U.S. Air Force and Canadian Royal Air Force members assigned the 552nd Air Control Wing

  • Published
  • By Airman 1st Class Julia Lebens
  • JBER Public Affairs

Canadian and U.S. armed forces assigned to the 552nd Air Control Wing from Tinker Air Force Base, Oklahoma, demonstrated joint defense efforts aboard a Boeing E-3 Sentry aircraft during RED FLAG-Alaska 22-2, at Joint Base Elmendorf-Richardson.

The primary mission of the E-3, an airborne warning and control system aircraft, is to provide airborne battle management and command and control, indispensable situational awareness and early warning of enemy actions.

Royal Canadian Air Force and U.S. Air Force service members from the 552nd ACW tested their ability to obtain and disseminate weather, airspace activity, and other critical data in Alaska during RF-A. This exercise also allowed for unique opportunities to integrate forces, allowing for the exchange of tactics, techniques and procedures while improving interoperability.

“I think, overall, the partnership that the U.S. and Canada have within the E3 community is a great example of cooperative partnership that is mutually beneficial for both countries,” said RCAF Maj. David Foyer, the 552nd ACW evaluator section lead in charge. “It supports the overall higher strategic goals of both armed forces and both nations. I think it’s a great example of what we want to achieve.”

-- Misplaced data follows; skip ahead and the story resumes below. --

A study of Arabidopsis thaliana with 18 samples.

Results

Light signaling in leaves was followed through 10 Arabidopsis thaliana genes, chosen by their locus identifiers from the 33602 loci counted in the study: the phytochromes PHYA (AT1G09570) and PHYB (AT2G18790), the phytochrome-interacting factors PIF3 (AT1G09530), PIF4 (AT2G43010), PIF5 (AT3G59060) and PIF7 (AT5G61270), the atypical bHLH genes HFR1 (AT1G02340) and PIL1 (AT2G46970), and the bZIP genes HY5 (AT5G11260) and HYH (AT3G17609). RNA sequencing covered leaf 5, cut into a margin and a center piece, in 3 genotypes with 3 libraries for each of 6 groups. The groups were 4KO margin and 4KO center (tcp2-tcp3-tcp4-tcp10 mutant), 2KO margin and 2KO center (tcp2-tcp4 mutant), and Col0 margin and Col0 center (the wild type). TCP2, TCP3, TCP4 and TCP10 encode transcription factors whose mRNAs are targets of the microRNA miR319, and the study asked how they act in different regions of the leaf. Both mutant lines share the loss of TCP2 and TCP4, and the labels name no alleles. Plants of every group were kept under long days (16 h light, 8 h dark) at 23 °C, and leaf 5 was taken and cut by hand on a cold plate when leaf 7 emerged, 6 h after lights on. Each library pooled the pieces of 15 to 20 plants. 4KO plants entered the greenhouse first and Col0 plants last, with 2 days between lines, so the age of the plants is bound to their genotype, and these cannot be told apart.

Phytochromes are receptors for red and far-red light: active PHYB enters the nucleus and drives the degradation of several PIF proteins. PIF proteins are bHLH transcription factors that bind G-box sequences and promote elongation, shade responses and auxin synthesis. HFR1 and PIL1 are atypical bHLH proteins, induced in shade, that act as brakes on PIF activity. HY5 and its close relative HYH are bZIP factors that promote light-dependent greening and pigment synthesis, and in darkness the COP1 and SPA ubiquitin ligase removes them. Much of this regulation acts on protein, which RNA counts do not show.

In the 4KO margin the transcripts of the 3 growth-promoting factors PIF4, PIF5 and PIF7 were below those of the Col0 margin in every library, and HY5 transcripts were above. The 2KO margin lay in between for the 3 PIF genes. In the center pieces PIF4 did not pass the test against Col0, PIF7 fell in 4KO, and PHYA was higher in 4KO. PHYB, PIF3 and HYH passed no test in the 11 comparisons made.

Since 1979, RCAF and Tinker AFB personnel have worked hand-in-hand to increase combat capabilities, which is part of the RF-A mission of U.S. and international forces, a mission greatly benefited by the partnership between Canada and the U.S.

"[The] U.S. and Canada specifically are the entirety of the defense for North America," said U.S. Air Force Capt. Nicholas Cummings, a 552nd ACW member. "We have… tens of thousands of miles of airspace that we're tasked to support and defend in accordance with our homeland defense contract. Without our relationship with the Canadians, it is impossible to do that."

RF-A provides a unique opportunity to integrate international forces into joint, coalition, and multilateral training, thereby increasing the combat capabilities and readiness of its participants. It allows for Airmen and other participants to train for full spectrum engagements, ranging from individual skills, to complex, large-scale joint engagement. The exercise provided realistic combat training, which is essential to the success of air and space operations.